Lavender has a soothing smell, reminiscent of the sun and sea. But the purple herb also has more properties: it promotes relaxation, has a calming effect and supports sound sleep.
The famous Paracelsus had already praised lavender as being a tried and tested sedative. He said it was "a sophisticated medicinal product which is effective against disorders of the head, brain and nerves due to the fact that it strengthens, refreshes and warms the same". Herbal baths were very popular at that time. A lavender bath was said to be a tonic for the nerves. People told each other that it drives away bad thoughts, relaxes overstrained nerves, cures itchy skin and warms the body.
Highly fragrant lavender not only served to bathe or wash the living but also the dead. When the tomb of the Egyptian child pharaoh, Tutankhamun, was opened in 1922, the exavators were struck by an intense lavender fragrance. It was intended to help the deceased to come to rest, in order to be refreshed and purified for a promising new beginning.
A wreath of lavender creates a relaxing atmosphere in the house. Lavender incense is also said to help people find inner peace. It is claimed that the scent makes it easier to move on when you are stuck in a rut.
Lavender has a calming effect on the central nervous system, helps in case of inner restlessness, as well as alleviating nervous stomach pain and digestive problems. External application has also proven effective against inflammation of the sciatic nerve and the trigeminal nerve, and in case of ear infection as it relieves the throbbing pain. It performs true miracles in case of insect bites, burns and skin scarring. As a bath lotion, it has a blood circulation-enhancing and relaxing effect, whereas packed in herbal cushions, it helps people to let go in the evening and to drift off into dreamland. A drop of essential oil on your pillow helps you to sleep well and wake up feeling refreshed.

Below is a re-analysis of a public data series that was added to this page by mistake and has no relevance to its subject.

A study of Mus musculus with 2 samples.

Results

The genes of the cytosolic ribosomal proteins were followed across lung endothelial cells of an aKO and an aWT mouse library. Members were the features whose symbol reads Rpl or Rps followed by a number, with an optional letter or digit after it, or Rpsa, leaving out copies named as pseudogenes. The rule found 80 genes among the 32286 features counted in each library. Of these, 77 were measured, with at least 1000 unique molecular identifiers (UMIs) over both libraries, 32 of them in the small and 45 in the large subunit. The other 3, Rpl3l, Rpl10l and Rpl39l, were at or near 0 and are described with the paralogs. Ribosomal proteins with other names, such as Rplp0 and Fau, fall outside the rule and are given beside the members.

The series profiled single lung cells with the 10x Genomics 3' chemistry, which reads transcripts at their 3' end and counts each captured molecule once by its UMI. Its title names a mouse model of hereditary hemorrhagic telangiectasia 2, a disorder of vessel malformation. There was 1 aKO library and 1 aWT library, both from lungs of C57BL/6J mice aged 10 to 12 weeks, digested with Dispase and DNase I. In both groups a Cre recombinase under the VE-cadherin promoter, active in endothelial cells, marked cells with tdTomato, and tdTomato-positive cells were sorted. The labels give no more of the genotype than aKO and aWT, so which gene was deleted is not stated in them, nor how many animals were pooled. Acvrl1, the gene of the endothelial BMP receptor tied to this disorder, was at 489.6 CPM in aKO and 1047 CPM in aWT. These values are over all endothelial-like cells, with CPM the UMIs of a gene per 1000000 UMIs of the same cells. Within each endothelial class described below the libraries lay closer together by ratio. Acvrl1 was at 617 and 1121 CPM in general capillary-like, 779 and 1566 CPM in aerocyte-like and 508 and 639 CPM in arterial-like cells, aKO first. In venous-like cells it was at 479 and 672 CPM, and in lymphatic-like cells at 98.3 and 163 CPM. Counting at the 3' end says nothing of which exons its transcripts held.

Lavender is a hardy perennial subshrub which can grow up to one metre tall. It is native to the Mediterranean region, but it has long spread to all gardens and parks in the whole of Southern Europe. It branches out strongly in rod-shaped, greyish green, upright twigs. From there sprout the lance-shaped, greenish silver leaves which look like needles because they are slightly curled up. The eye-catching bluish purple flowers surround the stem in a circular pattern spanning several levels. Lavender's soothing, healing powers lie in the essential oil, the concentration of which is highest in the flower buds. That is the reason why it is picked shortly before going into full bloom.
Tea to alleviate various ailments
Pour 2 dl of hot water over one to two teaspoons of lavender flowers per cup, cover and allow to steep for eight minutes. Drink one cup three times a day after meals. Particularly helpful in case of nervous stomach ache, irritable bowel syndrome and restlessness.
If the tea is not effective enough, try using the alcoholic mother tincture, of which you should take 25 drops three times a day after meals. The greatest and quickest effect is achieved by taking a drop of essential lavender oil together with a sugar cube or some honey.
To do so, add a handful of lavender flowers to one litre of olive oil and allow to stand for two to three weeks. Shake well from time to time. Finally, filter the oil through a sieve and pour it into a sterilised bottle. The oil improves the flavour of any salad and adds a special note to pasta dishes. It improves digestion, calms the nerves and enriches the senses.